Nine arrested over match fixing

Nine people have been arrested over alleged match-fixing in Hong Kong, according to the city’s anti-corruption commission.

“Nine persons, including professional football players, were arrested for alleged bribery in rigging the results of football matches involving a local football club,” the Independent Commission Against Corruption said in a statement.

“Enquiries revealed that the sponsor’s representative and the executive officer might have offered advantages to the players of the football club as rewards for their participation in rigging football match results,” it said.

The Hong Kong Football Association has confirmed that an investigation is underway but refused to comment on the arrests.

“It’s not a Hong Kong issue, it’s a worldwide issue. We have no room for complacency,” association chief Mark Sutcliffe told AFP.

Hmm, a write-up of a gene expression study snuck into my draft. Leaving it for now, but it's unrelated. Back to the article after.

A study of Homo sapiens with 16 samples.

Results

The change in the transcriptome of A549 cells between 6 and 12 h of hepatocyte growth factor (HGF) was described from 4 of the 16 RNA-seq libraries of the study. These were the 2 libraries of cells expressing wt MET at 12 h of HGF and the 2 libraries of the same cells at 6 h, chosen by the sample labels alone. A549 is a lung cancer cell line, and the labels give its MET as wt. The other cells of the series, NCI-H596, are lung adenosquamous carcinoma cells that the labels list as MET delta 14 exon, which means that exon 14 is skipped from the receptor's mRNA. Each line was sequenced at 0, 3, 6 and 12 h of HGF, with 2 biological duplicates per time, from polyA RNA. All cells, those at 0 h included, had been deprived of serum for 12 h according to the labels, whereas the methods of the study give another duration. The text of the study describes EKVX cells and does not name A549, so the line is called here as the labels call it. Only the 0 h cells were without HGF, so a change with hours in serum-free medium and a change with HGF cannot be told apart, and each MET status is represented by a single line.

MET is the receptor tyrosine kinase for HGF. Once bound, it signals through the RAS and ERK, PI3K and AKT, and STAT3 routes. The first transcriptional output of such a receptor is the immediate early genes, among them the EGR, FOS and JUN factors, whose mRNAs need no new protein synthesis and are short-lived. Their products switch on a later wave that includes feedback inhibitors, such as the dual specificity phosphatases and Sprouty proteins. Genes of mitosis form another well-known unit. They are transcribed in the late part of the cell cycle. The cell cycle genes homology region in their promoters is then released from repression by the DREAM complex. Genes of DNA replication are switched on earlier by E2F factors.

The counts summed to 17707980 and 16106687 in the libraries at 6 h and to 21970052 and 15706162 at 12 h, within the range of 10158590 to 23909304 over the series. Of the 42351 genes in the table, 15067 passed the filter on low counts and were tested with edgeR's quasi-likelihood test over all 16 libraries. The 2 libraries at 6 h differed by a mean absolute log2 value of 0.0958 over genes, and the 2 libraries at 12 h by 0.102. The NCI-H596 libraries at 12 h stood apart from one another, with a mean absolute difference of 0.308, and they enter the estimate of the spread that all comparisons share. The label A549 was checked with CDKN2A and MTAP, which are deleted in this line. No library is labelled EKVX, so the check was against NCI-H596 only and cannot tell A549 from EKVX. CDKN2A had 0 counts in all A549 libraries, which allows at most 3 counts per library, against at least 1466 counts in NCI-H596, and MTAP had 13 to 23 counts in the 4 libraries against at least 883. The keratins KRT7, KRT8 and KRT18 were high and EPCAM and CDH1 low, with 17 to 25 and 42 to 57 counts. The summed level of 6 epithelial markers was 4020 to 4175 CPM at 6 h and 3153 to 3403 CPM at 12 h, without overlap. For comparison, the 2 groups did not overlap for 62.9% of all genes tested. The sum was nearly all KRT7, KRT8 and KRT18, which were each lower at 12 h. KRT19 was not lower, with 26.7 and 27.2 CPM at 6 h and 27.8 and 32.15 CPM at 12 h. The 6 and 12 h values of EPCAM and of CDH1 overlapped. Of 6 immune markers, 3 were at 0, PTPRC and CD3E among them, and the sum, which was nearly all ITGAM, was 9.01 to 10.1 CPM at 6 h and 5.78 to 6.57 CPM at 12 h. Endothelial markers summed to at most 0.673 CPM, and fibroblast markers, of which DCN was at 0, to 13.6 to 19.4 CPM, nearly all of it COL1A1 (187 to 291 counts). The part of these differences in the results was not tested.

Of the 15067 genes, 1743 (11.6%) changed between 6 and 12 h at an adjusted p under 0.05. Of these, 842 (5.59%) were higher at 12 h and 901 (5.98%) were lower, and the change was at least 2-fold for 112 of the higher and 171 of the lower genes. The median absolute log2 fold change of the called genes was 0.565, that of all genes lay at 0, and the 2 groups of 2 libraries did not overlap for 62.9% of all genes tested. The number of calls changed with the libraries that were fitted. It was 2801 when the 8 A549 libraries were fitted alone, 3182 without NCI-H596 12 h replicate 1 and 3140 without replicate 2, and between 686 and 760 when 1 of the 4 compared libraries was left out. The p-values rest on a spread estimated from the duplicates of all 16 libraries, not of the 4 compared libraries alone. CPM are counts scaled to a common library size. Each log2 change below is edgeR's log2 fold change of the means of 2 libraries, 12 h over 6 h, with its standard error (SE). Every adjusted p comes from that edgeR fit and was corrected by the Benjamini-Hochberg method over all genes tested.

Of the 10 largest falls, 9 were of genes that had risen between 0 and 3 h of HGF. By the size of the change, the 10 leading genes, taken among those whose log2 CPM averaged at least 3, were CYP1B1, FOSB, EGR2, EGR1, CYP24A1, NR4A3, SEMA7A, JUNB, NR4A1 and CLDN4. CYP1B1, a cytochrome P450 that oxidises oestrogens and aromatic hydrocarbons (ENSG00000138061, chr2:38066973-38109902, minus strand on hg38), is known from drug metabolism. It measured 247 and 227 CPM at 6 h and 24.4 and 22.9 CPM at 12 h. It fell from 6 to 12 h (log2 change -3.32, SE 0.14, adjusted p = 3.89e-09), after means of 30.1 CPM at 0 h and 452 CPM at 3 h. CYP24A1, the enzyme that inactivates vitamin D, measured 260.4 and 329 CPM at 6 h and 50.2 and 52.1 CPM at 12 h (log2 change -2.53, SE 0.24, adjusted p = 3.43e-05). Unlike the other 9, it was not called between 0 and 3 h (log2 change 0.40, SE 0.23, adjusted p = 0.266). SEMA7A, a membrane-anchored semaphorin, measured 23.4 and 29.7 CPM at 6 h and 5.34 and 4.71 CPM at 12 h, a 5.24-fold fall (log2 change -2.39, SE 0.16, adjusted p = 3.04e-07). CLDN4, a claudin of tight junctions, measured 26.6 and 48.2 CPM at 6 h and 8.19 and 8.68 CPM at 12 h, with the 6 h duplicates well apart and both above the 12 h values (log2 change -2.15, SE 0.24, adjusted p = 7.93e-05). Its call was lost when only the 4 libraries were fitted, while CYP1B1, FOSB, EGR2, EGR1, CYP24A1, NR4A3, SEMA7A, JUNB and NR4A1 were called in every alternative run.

Football in the Chinese city is hardly big business, with each top division game often attracting less than a thousand fans.

Sutcliffe admitted that the league could be more vulnerable to manipulation as the players are poorly paid and the clubs make little money.

“Our league may be more vulnerable than other places because our players and coaches are paid relatively poor wages, compared to leagues in some other countries,” he said.

Hong Kong-based newspaper South China Morning Post has reported several Happy Valley players were being investigated after a match between the First Division club and Sun Hei Sports Club, in which Happy Valley lost 5-0.

Match-fixing has become a persistent and growing blight on international football in the last few years, with Europol revealing last year that more than 680 matches in 30 countries were under investigation.

Given the scale of the problem and the fact that much of it has been attributed to criminal gangs based in Asia, it would come as a surprise if a league such as Hong Kong’s was not affected by match fixing in some way.